She married the late George Arthur McKenna, Jr. in 1953. The couple had six children before divorce would send each of them on a separate path in 1972. In the same home in which Gloria was raised, she and her second husband — Nicholas Thomas Gallo — began life anew in 1974. They had one child together, but with his untimely death in 1989, Gloria lost the love of her life. A subsequent marriage to Lawrence Linnell in 1993 would result in divorce in 2005.
Born in Lynn, Gloria attended Lynn public schools and graduated from Lynn Classical High School, Class of 1949. As a young woman she had numerous data entry, keypunching, and typing jobs before being employed as a secretary at the General Electric for several years. She left that job to raise her growing family, but was once again able to resume academic studies, earning her associate degree from North Shore Community College in 1985, then her bachelor’s degree from Salem State College in 1988. With new confidence and emboldened by her academic credentials, Gloria began work in the Records Department of the Lynn Police Department in 1988; promoted to Senior Account Clerk, she punched out for the last time in 1997, hop-skipping out the door to embark on the retired life. Perhaps to the bane of management, in her role as shop steward, Gloria was able to hold her head high for the advocacy she undertook on behalf of the union.
Gloria’s early interests show an earnestness, a desire to do “one’s part”, such as volunteering as a Red Cross Nurses’-Aide at the Lynn Hospital and serving as den mother when her oldest was in cub scouts. For the sheer enjoyment of socializing, but also to feel the warm embrace that fellowship endows, she alternatively often found herself drawn to the clamorous and clattering sounds of the bowling alley. She enjoyed, as well, jogging and spending time at the beach, two activities that might seem contradictory — at least physically — but instead reflect perfect opportunities for introspection. It was how this tiny woman, whose life sometimes seemed to stretch her in conflicting directions, was able to impose calm and sanity.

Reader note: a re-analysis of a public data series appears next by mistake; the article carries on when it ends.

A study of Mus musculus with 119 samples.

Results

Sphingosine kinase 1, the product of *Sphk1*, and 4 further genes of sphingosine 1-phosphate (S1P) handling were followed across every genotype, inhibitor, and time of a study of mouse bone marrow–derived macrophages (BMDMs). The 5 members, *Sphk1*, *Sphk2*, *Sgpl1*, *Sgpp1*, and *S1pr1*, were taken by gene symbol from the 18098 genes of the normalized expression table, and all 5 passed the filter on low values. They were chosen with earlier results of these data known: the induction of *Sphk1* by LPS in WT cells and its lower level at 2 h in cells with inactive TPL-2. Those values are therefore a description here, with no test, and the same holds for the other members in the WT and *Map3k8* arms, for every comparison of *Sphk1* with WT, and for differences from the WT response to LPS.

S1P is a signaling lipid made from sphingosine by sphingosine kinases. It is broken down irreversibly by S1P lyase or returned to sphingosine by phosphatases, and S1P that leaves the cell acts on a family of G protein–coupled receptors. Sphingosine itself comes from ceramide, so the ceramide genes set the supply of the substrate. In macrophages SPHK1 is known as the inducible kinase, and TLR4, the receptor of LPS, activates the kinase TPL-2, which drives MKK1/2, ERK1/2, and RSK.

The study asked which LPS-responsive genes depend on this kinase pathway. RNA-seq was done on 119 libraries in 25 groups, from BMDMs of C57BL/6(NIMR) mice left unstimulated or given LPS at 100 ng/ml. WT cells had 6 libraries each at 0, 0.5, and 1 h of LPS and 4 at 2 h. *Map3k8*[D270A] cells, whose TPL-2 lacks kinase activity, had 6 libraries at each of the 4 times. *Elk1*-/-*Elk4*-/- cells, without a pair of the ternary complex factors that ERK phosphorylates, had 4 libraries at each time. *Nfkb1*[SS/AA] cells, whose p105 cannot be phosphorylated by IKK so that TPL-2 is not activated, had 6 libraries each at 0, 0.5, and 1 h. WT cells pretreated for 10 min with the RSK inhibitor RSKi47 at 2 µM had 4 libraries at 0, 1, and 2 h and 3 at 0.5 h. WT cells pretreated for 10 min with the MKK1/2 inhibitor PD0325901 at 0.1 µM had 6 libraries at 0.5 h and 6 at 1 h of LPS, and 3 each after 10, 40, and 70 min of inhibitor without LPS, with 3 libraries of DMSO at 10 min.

The importance of sisterhood in Gloria’s life was made evident by the existence for years of the “Tuesday 7 Club”. Made up of high school girlfriends, it was an opportunity to share stories, gossip, render advice, and offer steady shoulders in moments of need. Oh, and play cards. Her children never minded when she hosted; the spoils would be promptly devoured, if not upon the departure of the last guest, then the next day.
Gloria became an avid reader of mysteries later in life. Could it be that mysteries, like life itself, rely on uncertainty, the unknowns? Gardening, too, became an interest for her. Again, consider the uncertainty, the unknowns, but — oh, the PROMISE that gardening offers, the unencumbered gifts.
Those who knew Gloria best wouldn’t hesitate to declare that her greatest passion was dancing. In more recent times, she could be found at the Peter A. Torigian Senior Center in Peabody on Thursday mornings dancing to the Big Band music of the Good Ole Salty Jazz Band with lots of friends and one special friend, Bob Rudman.
Throughout her life, Gloria was an animal lover, sharing her home with many wonderful cats and dogs. As uplifting as it was for her to see her own children in her final hours on this earth, the comfort that her cat provided quite successfully competed for her affections, maybe even eclipsing the human touch.
We must wonder what was behind the recognition that seemed a natural thing for people coming into contact with Gloria. Was it the ubiquitous headband that was her fashion signature? Or her lively two-step in the various ballrooms in the region, a magic that never seemed to desert her? Was the easy recognition, instead — and after every consideration —the ferocity with which her diminutive stature surprised those who would challenge her? Born and raised in Lynn, Gloria would make the city her home for her entire life, beginning life on that gentle rise as you ascend Western Avenue heading out of the city. Ending there, too.
Gloria is survived by one son Stephen S. McKenna of Lynn, four daughters Laurie C. McKenna and her husband John “Rick” Kasten, III of Rockport, Beth A. McKenna-Ford of Rockport, Amy McKenna-Jones and her husband Todd Jones of Key West, FL, Nicole C. Mallett and her husband January of Lynn, a daughter-in-law Joyce McKenna of Salisbury, ten grandchildren and three great grandchildren. She was pre-deceased by her oldest child George A. McKenna, III and her son James M. McKenna, and her brother Edward F. Cocozella.
Services Details: Gloria’s Memorial Services will be private and her ashes will be interred in Pine Grove Cemetery with her second husband Nicholas Thomas Gallo at a later date.